Talks with North scrapped over negotiators: South Korea
Seoul: The Koreas` first high-level talks in years have been scrapped because of a stalemate over who will lead each delegation, South Korea said on Tuesday, a day before they were to begin.
The cancellation is a blow to tentative hopes that the rivals were about to improve ties following years of rising hostility.
North Korea said it wasn`t sending its officials to Seoul for the two-day meeting because the South had changed the head of its delegation, Kim Hyung-suk, a spokesman for Seoul`s Unification Ministry, told reporters in a briefing. The ministry is in-charge of North Korea matters.
There had been hope that the talks on reviving two high-profile economic cooperation projects would allow the countries to move past a relationship marred by recent North Korean threats of nuclear war and South Korean vows of counterstrikes.
But the collapse over what`s essentially a protocol matter is testament to the difficulty the countries have in finding common ground.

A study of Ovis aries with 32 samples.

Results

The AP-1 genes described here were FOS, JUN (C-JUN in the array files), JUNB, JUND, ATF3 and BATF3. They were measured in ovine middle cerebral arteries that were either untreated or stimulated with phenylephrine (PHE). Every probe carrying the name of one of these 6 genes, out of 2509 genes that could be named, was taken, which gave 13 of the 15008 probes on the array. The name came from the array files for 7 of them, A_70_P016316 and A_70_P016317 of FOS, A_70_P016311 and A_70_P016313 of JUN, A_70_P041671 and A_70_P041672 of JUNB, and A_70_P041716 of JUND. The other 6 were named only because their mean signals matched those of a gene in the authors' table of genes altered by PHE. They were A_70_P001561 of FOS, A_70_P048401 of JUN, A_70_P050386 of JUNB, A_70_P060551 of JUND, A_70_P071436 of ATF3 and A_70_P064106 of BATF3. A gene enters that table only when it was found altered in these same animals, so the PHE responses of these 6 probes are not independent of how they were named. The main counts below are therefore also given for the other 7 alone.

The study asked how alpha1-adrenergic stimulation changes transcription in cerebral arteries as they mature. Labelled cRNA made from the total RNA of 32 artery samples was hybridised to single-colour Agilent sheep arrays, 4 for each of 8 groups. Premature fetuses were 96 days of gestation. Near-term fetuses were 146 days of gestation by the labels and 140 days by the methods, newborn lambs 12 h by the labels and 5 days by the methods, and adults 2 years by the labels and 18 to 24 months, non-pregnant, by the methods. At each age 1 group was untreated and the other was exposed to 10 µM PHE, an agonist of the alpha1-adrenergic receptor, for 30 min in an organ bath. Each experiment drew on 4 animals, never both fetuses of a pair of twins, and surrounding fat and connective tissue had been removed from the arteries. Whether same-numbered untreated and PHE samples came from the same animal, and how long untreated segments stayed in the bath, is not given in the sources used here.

South Korea had originally wanted a minister-level meeting between the top officials for each country`s inter-Korean affairs agency, but Pyongyang wouldn`t commit to that. The last minister-level meeting between the Koreas occurred in December 2007.
When Seoul told Pyongyang today that it was sending a lower-level official than it had initially proposed in preparatory talks, North Korea said it would consider that a "provocation", Kim said.
The cancellation of talks arises partly from misunderstandings that the sides have about who is equivalent to whom in power between their largely different political systems, Koh Yu-hwan, a North Korea scholar at Seoul`s Dongguk University, said.
"The two sides are offended by each other now. The relations may again undergo a cooling-off period before negotiations for further talks resume," he said.
North Korea did not immediately issue its own statement about the cancelled talks.
The talks were set up in a painstaking 17-hour negotiating session on Sunday, but the rivals had set aside the question of who would lead each delegation. Kim said that today, North Korea offered to send a senior official of the Committee for the Peaceful Reunification of Korea as chief delegate, and Seoul said it would send its vice unification minister as chief delegate.
South Korea had previously proposed sending its unification minister. After it announced the vice minister would go instead, North Korea said it wouldn`t send anyone and that "all responsibility is entirely on South Korea," Kim said. He added that Seoul is still open to talks if North Korea reconsiders.